World Health Organization Outbreak Investigation Task Force leader Maria Van Kerkhove on Tuesday clarified comments she made the day before that asymptomatic transmission of the coronavirus is "very rare," saying her comments were in reference to “two or three studies” following asymptomatic individuals.
Her comments sparked a backlash Monday from public health experts concerned about mixed messages from the WHO at a crucial time during the pandemic, when countries are relaxing economic restrictions and massive protests against racism and police brutality are sweeping the streets.
Wearing face masks has become a political statement for some while others doubt the severity of potential spread, complicating efforts by state and local leaders to enforce practices designed to limit the risks.
Van Kerkhove’s comments Monday came in response to a reporter’s question about whether asymptomatic transmission might play a larger role than the WHO previously thought, after a report from Singapore estimated around half of infected individuals showed no symptoms.
Van Kerkhove first differentiated between asymptomatic individuals, presymptomatic individuals and those with symptoms mild enough that they might initially be classified as asymptomatic. She then went on to say that several studies, including one from a long-term care facility in Singapore, showed that asymptomatic transmission appeared to be “very rare.”
“We are constantly looking at this data and we’re trying to get more info from countries to truly answer this question,” Van Kerkhove said. “It still appears to be rare that an asymptomatic individual actually transmits onward. What we really want to be focused on is to be following the symptomatic cases.”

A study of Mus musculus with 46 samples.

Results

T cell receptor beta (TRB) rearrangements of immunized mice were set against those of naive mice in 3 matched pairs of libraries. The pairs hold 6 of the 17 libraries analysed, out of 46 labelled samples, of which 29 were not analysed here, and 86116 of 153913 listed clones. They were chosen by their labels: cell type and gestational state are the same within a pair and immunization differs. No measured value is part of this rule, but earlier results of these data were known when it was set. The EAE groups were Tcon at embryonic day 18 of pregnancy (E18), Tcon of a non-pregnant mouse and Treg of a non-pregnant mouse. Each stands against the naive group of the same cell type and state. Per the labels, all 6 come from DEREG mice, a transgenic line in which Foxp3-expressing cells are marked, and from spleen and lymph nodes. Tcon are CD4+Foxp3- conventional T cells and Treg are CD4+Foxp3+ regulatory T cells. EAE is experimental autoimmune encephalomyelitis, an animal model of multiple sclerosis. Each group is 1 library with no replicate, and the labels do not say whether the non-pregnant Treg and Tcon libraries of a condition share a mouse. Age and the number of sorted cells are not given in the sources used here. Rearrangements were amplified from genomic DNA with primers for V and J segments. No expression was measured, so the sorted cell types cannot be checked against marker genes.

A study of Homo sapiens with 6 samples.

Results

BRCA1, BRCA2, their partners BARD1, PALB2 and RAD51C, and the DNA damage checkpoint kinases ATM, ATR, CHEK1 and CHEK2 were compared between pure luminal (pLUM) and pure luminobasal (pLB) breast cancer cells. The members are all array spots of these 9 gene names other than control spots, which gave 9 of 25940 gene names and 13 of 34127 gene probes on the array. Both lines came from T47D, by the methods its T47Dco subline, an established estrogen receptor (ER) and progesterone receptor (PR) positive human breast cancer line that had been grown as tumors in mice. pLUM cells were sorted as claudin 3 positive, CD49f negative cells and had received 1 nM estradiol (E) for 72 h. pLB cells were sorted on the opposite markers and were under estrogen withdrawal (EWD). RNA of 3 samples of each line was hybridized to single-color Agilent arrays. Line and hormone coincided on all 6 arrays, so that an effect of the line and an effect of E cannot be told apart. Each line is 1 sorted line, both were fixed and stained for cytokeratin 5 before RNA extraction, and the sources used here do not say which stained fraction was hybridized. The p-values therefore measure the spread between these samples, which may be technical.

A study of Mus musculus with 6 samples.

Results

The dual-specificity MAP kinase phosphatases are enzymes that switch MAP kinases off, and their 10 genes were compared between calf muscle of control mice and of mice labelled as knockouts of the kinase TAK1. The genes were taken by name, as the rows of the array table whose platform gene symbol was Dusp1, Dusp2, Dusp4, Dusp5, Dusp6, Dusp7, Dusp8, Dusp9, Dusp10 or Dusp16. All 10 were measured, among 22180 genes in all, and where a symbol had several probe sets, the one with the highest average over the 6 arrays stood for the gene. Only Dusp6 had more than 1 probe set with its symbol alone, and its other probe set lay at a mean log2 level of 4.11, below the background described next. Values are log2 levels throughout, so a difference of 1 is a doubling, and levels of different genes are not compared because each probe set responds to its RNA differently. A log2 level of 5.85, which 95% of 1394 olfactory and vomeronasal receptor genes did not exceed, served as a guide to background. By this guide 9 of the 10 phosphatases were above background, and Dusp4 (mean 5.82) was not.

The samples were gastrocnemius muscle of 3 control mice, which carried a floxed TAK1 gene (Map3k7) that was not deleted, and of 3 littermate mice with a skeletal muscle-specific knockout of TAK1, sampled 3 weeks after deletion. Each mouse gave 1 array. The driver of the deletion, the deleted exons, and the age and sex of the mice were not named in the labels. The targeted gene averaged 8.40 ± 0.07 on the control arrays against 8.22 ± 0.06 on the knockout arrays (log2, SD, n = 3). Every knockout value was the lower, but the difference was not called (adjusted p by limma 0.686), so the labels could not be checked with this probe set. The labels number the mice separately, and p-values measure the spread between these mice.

On Tuesday, Van Kerkhove clarified that her remarks were not in reference to the potential global spread of asymptomatic individuals, and underscored that experts still lack sufficient data on how many people without symptoms are infected. She also highlighted modeling from various groups that estimate asymptomatic transmission could be as high as 40 percent of all transmissions.
“What we need to better understand is how many people don’t have symptoms, and separately, how many of those individuals transmit to others,” she said.
Because the virus is transmitted through droplets, people with symptoms like coughing are generally understood to be at a higher risk of spreading the virus. But asymptomatic people could potentially spread the virus through yelling or singing, Health Emergencies Programme Executive Director Michael Ryan said Tuesday.
The clarification did not fully placate critics of Van Kerkhove’s remarks.
“[P]ublic health communication isn’t ancillary to public health,” former Centers for Medicare and Medicaid Services Acting Administrator Andy Slavitt said in a lengthy thread on Twitter. “It is the central component in battling it.”